Finding Life:

Almost every probe ever sent into space has been equipped to detect oxygen, liquid water, and organic chemicals–key signs of the potential for life. But unless a large, preferably green alien walks past the camera of an unsuspecting rover, actually finding a pulse out in space will be a difficult proposition. Piloting a robot from millions of miles away is hard enough to begin with. And even if the robot detects an intriguing chemical, how do you tell whether the molecules came from a microbe or from complex but nonbiological chemistry? Right now, you don’t..

Scientists and engineers are working on machines to do the most difficult jobs in space. Here we present the impressive space robot that may soon rewrite our understanding of much of our solar system.

NASA’s current best hope in the E.T. hunt is Curiosity, a $2 billion Mars rover that launches later this year. Curiosity’s ChemCam will fire a laser at rocks up to 30 feet away and analyze the color of the vaporizing mass to determine its chemical composition. Should the ChemCam identify an interesting sample, the whole rover can move in for a closer look, clutching samples with a robotic arm and using a battery of sensors to catalog the chemicals inside them. Looking farther ahead, a team at MIT and Massachusetts General Hospital-Harvard is designing an instrument that will be able to scan for alien DNA and RNA. “This experiment would be the first to look for life by targeting the molecules specific to life as we know it,” says Christopher Carr, the lead engineer on the project. If a probe finds something to sequence, that would be almost definitive proof that life took hold on Mars and very likely is thriving there right now. Carr hopes his device will fly on a NASA Mars mission within the next decade.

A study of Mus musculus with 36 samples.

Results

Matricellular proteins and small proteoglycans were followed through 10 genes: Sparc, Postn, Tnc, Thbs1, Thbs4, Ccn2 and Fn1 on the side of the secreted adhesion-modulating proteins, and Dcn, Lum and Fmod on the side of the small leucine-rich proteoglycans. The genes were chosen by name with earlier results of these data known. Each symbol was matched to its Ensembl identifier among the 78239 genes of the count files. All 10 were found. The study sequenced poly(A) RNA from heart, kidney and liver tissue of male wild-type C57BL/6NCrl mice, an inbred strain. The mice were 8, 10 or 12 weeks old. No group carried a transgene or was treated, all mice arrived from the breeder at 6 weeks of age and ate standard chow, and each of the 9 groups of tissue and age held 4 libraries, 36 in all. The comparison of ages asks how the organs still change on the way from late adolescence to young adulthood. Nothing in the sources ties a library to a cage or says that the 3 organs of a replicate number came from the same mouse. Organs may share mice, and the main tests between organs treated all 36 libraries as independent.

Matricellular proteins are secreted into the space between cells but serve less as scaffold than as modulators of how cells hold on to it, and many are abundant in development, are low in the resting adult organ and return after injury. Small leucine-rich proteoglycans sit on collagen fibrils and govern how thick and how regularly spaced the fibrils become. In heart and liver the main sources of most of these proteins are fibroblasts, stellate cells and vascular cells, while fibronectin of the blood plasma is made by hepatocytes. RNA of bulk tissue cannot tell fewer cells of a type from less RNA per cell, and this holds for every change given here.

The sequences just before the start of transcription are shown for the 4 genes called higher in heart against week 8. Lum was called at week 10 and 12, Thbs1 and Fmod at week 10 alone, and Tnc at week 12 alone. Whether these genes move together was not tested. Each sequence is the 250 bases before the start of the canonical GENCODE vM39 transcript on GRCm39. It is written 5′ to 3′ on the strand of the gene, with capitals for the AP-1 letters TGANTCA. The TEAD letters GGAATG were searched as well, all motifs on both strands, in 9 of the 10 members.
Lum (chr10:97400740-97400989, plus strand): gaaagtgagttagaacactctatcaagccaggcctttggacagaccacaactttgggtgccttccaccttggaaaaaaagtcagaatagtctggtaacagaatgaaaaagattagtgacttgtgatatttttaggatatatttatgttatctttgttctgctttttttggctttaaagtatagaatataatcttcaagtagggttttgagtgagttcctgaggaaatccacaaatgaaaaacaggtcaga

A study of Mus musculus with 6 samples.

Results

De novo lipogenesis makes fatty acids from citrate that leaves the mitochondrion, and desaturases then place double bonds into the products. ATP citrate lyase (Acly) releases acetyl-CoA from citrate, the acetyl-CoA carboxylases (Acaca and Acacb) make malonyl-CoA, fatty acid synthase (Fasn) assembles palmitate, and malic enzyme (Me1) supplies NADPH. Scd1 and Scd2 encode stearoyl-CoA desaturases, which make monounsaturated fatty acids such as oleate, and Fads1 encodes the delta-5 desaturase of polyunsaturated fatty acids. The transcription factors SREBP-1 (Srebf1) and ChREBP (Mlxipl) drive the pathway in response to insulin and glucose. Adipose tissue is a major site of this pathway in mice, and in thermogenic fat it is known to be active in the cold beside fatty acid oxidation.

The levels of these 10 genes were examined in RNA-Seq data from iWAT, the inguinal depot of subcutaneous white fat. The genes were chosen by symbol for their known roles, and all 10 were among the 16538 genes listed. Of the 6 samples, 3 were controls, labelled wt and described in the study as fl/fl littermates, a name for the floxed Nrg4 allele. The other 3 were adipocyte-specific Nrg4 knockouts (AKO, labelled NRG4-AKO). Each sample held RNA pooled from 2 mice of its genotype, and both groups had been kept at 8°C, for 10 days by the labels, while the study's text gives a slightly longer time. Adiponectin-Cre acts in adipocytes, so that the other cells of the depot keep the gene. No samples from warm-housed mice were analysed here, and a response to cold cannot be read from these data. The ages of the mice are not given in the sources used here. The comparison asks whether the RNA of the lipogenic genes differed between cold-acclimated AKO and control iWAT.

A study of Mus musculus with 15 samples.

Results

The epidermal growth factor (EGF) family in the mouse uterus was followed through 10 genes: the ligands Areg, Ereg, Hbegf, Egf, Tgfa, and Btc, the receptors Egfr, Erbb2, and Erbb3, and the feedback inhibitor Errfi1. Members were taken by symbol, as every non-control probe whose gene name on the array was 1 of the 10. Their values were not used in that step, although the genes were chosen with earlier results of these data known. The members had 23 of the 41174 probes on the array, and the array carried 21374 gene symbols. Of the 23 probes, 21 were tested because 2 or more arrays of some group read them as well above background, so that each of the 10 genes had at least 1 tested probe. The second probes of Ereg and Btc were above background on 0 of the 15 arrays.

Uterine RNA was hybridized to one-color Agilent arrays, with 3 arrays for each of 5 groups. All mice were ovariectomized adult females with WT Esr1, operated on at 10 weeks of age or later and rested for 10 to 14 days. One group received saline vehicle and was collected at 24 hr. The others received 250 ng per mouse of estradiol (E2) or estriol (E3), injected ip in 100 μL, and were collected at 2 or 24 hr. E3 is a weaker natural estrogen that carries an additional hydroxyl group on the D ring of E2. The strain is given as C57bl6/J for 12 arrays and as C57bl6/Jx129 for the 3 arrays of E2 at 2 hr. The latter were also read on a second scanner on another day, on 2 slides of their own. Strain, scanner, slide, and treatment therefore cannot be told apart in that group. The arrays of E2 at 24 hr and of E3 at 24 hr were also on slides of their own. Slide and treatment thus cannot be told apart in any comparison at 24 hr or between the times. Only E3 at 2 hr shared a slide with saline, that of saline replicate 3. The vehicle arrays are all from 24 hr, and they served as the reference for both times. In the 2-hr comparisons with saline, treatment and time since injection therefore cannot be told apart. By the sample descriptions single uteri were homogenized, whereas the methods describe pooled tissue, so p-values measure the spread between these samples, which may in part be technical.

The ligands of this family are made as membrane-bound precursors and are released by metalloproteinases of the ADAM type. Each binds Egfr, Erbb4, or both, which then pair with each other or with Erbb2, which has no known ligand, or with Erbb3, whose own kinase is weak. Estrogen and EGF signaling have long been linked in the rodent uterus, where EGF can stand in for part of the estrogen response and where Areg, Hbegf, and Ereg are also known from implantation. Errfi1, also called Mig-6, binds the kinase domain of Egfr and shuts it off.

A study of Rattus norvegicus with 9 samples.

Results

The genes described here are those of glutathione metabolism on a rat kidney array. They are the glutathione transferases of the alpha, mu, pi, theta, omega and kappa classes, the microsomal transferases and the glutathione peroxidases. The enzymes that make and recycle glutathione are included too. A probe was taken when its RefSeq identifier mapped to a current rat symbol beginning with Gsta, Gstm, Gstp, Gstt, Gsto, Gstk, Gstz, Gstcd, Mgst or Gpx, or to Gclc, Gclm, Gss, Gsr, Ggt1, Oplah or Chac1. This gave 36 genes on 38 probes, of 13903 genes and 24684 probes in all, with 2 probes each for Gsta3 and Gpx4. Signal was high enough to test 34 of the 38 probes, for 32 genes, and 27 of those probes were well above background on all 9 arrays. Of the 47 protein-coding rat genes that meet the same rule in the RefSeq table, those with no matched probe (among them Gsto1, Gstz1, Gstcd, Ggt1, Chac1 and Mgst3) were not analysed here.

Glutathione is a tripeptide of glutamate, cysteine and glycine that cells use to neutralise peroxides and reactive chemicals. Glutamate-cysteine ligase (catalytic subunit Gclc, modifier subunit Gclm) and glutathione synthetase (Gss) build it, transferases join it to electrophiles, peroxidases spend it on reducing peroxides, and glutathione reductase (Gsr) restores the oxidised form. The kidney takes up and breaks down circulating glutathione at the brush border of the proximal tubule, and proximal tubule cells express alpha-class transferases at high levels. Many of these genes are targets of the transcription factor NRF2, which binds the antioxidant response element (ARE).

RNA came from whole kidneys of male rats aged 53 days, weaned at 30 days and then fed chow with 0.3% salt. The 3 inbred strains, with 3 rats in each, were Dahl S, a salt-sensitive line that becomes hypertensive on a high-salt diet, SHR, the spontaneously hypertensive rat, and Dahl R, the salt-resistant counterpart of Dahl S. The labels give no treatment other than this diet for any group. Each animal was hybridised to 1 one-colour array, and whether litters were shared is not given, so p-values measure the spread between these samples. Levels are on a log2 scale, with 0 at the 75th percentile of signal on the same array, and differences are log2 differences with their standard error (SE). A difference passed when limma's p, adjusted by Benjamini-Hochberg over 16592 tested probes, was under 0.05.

Since 1995 astronomers have discovered some 550 confirmed planets orbiting other stars. NASA’s Kepler space telescope is in the process of uncovering thousands more, including ones similar to Earth in size and temperature. Before long, people will be clamoring to know what they look like. The only way to find out is to go there. But reaching even the nearest star system, Alpha Centauri, within a human lifetime would require a spacecraft capable of cruising at 10,000 miles a second. Voyager 1, the fastest-moving spacecraft, is moving at one-tenth of 1 percent of that speed.

Although NASA canceled its Breakthrough Propulsion Physics project in 2002, engineers are still pushing the limits of speed and range. The New Horizons probe has the most distant target of any space mission ever attempted: everyone’s favorite dwarf planet, Pluto, which it will reach in July 2015. Around the same time, scientists will begin testing a prototype of the Variable Specific Impulse Magnetoplasma Rocket, or VASIMR, which expels searing hot plasma to produce thrust, at the International Space Station. VASIMR will not reach the stars, but it may allow future probes to leave the solar system in years rather than decades. True star travel will probably require technologies like antimatter or nuclear fusion rockets, which are currently not much more than dreams.